Several weeks ago the Da Vinci Code was banned in Lebanon thanks to the supreme vigilance of the country's Catholic religious authorities, and Scott Wilson has written a piece on the unfortunate episode for the Washington Post.
There are paradoxes here: The church has been at the vanguard of efforts to expand Lebanese freedoms vis-a-vis Syria, so that depicting it as a pillar of reaction would not be correct. There is also the fact that (as Wilson observes) the book has been selling briskly for months and can still be ordered or bought under the counter (I did so just a few weeks ago). And finally, one might observe that book banning is quite rare in Lebanon.
Does that make the church's decision any more justifiable? Surely not. But we are talking about a country in the Middle East, a region where book banning is the norm rather than the exception, so that this particular exception says a lot about Lebanon's general ecumenism when it comes to allowing a relatively free flow of ideas, even ones as abysmally presented as those in Dan Brown's novel.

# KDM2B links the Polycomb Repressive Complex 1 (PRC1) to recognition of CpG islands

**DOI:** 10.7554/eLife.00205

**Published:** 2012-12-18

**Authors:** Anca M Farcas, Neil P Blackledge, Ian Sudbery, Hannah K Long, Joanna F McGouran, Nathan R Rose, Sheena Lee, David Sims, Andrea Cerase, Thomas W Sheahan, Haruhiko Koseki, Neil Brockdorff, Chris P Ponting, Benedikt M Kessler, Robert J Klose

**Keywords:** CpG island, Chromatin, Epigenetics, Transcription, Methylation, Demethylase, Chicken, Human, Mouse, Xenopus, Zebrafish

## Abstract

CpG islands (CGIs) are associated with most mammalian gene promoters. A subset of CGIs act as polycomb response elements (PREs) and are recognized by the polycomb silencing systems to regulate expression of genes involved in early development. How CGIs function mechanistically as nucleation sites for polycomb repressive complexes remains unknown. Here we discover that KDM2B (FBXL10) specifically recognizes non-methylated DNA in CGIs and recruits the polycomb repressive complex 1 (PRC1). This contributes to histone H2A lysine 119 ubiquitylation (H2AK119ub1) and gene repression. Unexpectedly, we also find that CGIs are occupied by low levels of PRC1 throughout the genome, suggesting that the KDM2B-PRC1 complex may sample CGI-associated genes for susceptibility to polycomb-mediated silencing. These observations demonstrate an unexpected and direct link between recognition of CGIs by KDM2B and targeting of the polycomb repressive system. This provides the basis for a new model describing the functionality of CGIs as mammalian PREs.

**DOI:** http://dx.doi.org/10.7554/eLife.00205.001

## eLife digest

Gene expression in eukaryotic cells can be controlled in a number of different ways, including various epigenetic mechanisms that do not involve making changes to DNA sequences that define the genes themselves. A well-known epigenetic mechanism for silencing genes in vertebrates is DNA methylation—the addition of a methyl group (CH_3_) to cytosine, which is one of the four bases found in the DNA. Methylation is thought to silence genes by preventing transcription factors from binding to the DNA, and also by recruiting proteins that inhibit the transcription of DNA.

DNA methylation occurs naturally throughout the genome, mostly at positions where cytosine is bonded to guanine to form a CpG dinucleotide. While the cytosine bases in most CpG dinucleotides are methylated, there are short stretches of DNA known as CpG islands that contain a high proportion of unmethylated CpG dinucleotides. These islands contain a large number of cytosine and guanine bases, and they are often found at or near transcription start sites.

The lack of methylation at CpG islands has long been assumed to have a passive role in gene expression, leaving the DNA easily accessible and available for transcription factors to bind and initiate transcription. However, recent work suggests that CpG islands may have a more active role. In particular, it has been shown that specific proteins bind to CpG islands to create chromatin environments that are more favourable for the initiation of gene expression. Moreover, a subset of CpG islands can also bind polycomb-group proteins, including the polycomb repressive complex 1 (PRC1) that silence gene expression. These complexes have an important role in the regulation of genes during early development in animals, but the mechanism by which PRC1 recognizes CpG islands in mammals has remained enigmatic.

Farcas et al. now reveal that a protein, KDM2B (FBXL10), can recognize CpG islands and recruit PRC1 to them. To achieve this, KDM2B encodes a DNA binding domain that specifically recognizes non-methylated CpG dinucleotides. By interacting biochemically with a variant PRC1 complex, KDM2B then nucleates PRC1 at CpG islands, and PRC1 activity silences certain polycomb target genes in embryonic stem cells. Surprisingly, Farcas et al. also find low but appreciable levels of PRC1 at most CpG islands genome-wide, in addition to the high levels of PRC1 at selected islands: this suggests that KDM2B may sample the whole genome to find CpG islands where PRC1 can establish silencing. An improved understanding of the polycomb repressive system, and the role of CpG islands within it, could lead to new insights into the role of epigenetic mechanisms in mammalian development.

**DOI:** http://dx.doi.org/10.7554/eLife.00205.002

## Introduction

For what's its worth, years ago I got two bosses in trouble after I wrote about a banned book. Lawyers were called, and a trial was initiated. But did I bake the pair a cake with a saw in it so they could make a midnight getaway? Of course not. Endlessly delayed legal action is often a substitute for punishment. Over five years later their trial still lingers, until it will fall like a rotting pheasant; and while that's unacceptable in principle, I will see my maker before the two men see a prison cell.
Sure, that's not good enough for even an imperfectly liberal society; but the Lebanese story of DVC must be told with all the relevant caveats.